Why are cats so restless? Our feline pals are truly masters at dozing off at any time, in any location, and regardless of the situation. Thousands of images of sleeping cats in amusing or bizarre poses may be found online with even a quick search. What goes on in cats’ minds while they sleep, and why do they sleep so much? Do they experience cycles of sleep like people do? To learn more about sleeping cats, continue reading.
1. Sleeping is in cat’s genes
An orange tabby cat sleeping with his eyes closed.
To respond to the query, “Why do cats sleep so much?” First, let’s consider the length of a cat’s nap. Cats have a maximum daily sleep time of 16 hours, while senior cats can sleep up to 20 hours each day. The cat’s physiology, diet, and evolutionary history have all contributed to this sleeping behavior. Cats in the wild must hunt to survive, and the stalking, hunting, and killing of prey uses up a lot of energy. Cats who sleep between meals are more energy-efficient.
2. Cats don’t usually fall asleep quietly
Another thing to consider when thinking, “Why do cats sleep so much?” is how they sleep. Of the time cats spend sleeping, about three quarters of it is what we might call snoozing. In that state, cats can get all the rest they need, but they’re still alert enough to awaken at a moment’s notice. You can tell when a cat is in light sleep because their ears will twitch and rotate toward noises and their eyes will be open a tiny bit. Even when they’re sitting upright, cats can slip into that dozing mode.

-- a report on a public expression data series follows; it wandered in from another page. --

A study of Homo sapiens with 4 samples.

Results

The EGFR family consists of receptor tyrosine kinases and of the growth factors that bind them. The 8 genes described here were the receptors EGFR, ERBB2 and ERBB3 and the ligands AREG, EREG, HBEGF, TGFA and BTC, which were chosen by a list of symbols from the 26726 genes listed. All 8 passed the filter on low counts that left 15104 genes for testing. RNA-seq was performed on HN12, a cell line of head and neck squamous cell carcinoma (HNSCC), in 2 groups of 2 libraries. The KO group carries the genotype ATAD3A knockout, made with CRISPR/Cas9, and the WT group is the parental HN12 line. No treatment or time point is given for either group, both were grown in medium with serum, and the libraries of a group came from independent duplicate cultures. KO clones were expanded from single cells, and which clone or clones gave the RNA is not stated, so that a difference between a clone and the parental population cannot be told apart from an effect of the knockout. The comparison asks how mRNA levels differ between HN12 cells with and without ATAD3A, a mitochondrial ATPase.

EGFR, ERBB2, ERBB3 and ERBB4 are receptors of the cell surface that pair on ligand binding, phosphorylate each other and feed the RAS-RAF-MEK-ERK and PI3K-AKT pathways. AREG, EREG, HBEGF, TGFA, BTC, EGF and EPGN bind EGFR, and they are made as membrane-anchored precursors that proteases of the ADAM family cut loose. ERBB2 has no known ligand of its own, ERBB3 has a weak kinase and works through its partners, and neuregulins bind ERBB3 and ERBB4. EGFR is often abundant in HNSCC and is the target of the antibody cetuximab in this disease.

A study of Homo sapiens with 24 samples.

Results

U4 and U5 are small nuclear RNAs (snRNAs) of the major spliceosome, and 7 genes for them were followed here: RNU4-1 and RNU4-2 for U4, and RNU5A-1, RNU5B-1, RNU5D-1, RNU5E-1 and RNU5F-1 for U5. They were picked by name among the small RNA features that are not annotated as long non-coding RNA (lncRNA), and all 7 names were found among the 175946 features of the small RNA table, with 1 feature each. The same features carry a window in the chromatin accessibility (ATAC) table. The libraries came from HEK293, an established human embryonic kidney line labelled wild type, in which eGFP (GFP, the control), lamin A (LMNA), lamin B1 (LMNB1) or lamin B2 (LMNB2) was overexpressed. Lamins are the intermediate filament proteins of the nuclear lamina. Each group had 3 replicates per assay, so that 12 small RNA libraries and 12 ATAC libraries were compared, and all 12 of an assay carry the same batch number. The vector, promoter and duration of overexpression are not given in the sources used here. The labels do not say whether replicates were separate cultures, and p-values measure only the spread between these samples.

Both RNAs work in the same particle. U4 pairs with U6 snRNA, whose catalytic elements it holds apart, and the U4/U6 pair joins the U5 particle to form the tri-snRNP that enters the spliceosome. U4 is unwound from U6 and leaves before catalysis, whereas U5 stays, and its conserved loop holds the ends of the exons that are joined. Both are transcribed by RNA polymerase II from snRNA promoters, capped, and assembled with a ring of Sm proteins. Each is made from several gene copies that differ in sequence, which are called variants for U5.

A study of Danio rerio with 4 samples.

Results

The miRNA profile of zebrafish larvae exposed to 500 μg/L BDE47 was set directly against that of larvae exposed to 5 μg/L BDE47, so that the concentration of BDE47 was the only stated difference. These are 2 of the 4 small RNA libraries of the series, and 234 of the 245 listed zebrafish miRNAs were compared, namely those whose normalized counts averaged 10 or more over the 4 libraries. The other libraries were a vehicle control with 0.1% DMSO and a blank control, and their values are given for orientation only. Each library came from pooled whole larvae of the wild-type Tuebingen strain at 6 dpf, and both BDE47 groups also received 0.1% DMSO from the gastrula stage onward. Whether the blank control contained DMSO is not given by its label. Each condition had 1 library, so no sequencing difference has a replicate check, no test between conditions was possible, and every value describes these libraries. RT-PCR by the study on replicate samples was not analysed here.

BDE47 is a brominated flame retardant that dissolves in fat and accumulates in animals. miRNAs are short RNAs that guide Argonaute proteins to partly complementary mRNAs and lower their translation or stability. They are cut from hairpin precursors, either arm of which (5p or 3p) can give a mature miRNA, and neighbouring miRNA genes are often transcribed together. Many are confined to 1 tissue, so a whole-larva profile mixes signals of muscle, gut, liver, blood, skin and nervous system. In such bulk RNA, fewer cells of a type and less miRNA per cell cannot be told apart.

3. Cats do, however, sleep deeply and even dream
The remaining quarter of cats’ sleeping hours is spent in deep sleep, but older cats might spend as much as 30 percent or 40 percent of the time at that level. Cats in deep sleep are usually curled up with their eyes tightly closed. Sometimes, they might even have their tail over their face, like a fluffy sleep mask. Deep sleep is critical for the body’s ability to regenerate itself and stay healthy. It’s also the time when your cat dreams. If you’ve seen your cat’s whiskers or paws twitching while she’s asleep, there’s a good chance she’s dreaming.
4. Some cats snore while they are sleeping
Cat snoring happens when the airway is obstructed by extra skin from the soft palate. This is most likely to happen when your cat is relaxed, so it wouldn’t be outrageous to notice your cat sawing some tiny little logs from time to time. Snoring is more likely to occur in short-nosed or brachycephalic cat breeds such as the Persian, Himalayan or Exotic Shorthair.
5. Cat’s sleeping patterns could vary and indicate a problem
When asking, “Why do cats sleep so much?” you might also wonder if there’s some such thing as too much — or too little — sleep. If your cat starts sleeping a lot more or a lot less than usual, contact your veterinarian. Excessive sleep could be a sign of illness or pain, while frequent wakefulness can indicate a problem such as hyperthyroidism.